Don’t Tilt. Ever
The “tilt” is when you play below your abilities because of some inner emotional turmoil. If you are still not sure what that means, go watch the scene from the biographical drama film Molly’s Game in which Harlan Eustace lost to Bad Brad, and it wrecked his world. Harian, the far more superior player, lost the game to a guy who was so terrible his nickname was “bad” Brad. Unable to deal with the shame, he started to play with his emotions leading instead of his mind. While emotions are great for a lot of things, they are not very good at deciding when to hold and when to fold. Harlan lost all his money and eventually his family because he let his feelings get the better of him.
While there will always be debate about the historical accuracy of characters in a movie, you can undoubtedly think back to a time you have done or said something stupid in the heat of the moment. Now, imagine yourself pushing in a stack of chips representing a few hundred or a few thousand dollars. Do you really want to make that decision while you are angry, tired, or upset? Of course not.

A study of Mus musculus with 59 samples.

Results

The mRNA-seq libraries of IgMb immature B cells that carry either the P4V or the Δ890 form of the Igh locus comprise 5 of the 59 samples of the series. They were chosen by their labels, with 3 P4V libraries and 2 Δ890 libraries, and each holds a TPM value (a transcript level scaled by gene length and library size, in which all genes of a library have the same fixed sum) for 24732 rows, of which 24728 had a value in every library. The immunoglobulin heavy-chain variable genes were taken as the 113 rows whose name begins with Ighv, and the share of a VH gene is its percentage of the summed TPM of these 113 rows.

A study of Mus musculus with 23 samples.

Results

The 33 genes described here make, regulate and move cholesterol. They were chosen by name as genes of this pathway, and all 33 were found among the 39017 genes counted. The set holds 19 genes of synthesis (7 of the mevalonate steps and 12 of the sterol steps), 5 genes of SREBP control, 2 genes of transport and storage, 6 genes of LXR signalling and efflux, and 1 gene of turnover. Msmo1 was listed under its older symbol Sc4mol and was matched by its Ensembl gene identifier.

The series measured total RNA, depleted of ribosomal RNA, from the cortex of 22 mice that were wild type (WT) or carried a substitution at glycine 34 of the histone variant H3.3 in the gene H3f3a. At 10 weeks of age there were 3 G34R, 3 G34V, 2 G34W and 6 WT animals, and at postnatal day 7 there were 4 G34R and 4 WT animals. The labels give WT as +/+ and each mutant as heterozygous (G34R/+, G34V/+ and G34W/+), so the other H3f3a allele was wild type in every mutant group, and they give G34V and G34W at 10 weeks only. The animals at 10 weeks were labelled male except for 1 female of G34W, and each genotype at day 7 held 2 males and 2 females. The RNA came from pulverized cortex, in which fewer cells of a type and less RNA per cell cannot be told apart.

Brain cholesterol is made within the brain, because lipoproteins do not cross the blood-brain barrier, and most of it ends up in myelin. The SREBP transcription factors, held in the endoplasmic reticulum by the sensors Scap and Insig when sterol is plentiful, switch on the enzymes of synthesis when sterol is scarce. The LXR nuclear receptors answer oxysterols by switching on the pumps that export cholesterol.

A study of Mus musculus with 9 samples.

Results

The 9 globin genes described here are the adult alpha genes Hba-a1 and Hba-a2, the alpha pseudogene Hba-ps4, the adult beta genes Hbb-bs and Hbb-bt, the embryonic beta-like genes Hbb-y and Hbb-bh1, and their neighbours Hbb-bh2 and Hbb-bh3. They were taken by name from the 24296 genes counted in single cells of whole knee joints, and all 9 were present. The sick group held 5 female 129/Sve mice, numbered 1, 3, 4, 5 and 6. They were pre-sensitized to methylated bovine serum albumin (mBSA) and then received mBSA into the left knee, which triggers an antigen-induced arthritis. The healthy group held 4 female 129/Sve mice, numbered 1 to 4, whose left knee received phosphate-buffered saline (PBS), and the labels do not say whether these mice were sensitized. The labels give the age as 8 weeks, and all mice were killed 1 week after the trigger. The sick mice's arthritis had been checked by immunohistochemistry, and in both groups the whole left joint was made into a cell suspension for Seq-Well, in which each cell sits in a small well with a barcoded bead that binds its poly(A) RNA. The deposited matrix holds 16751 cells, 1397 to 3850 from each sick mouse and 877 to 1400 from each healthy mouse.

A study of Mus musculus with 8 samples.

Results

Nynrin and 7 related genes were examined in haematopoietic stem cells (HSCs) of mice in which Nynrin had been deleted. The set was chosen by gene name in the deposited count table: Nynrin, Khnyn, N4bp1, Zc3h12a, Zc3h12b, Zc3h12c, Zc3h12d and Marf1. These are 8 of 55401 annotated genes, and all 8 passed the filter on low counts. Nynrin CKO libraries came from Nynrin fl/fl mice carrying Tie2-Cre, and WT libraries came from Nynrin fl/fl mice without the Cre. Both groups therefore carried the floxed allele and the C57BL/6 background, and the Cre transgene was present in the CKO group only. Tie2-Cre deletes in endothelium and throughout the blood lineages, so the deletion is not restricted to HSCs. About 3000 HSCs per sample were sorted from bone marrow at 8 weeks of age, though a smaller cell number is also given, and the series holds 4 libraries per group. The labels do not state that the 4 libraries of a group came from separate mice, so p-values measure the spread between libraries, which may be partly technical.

That is why when you feel yourself getting ready to tilt, just stop.
Finish the hand you are playing and get up from the table. You don’t have to quit the table permanently, just remove yourself from the situation until your head clears. In fact, if you find yourself heading down the tilt road often, find a ritual that calms you. That can be standing up and stretching, looking at a picture of your kids, singing a song, whatever. You cannot win if you are emotional and you can’t win if you don’t play. So, restore your balance and get back in the game.
Clearly, a lot goes into poker psychology and while you might be tempted to tackle all these things at once, fight that temptation. Start with learning about yourself. Then develop your focus and work on never tilting. The rest will come with play time and practice.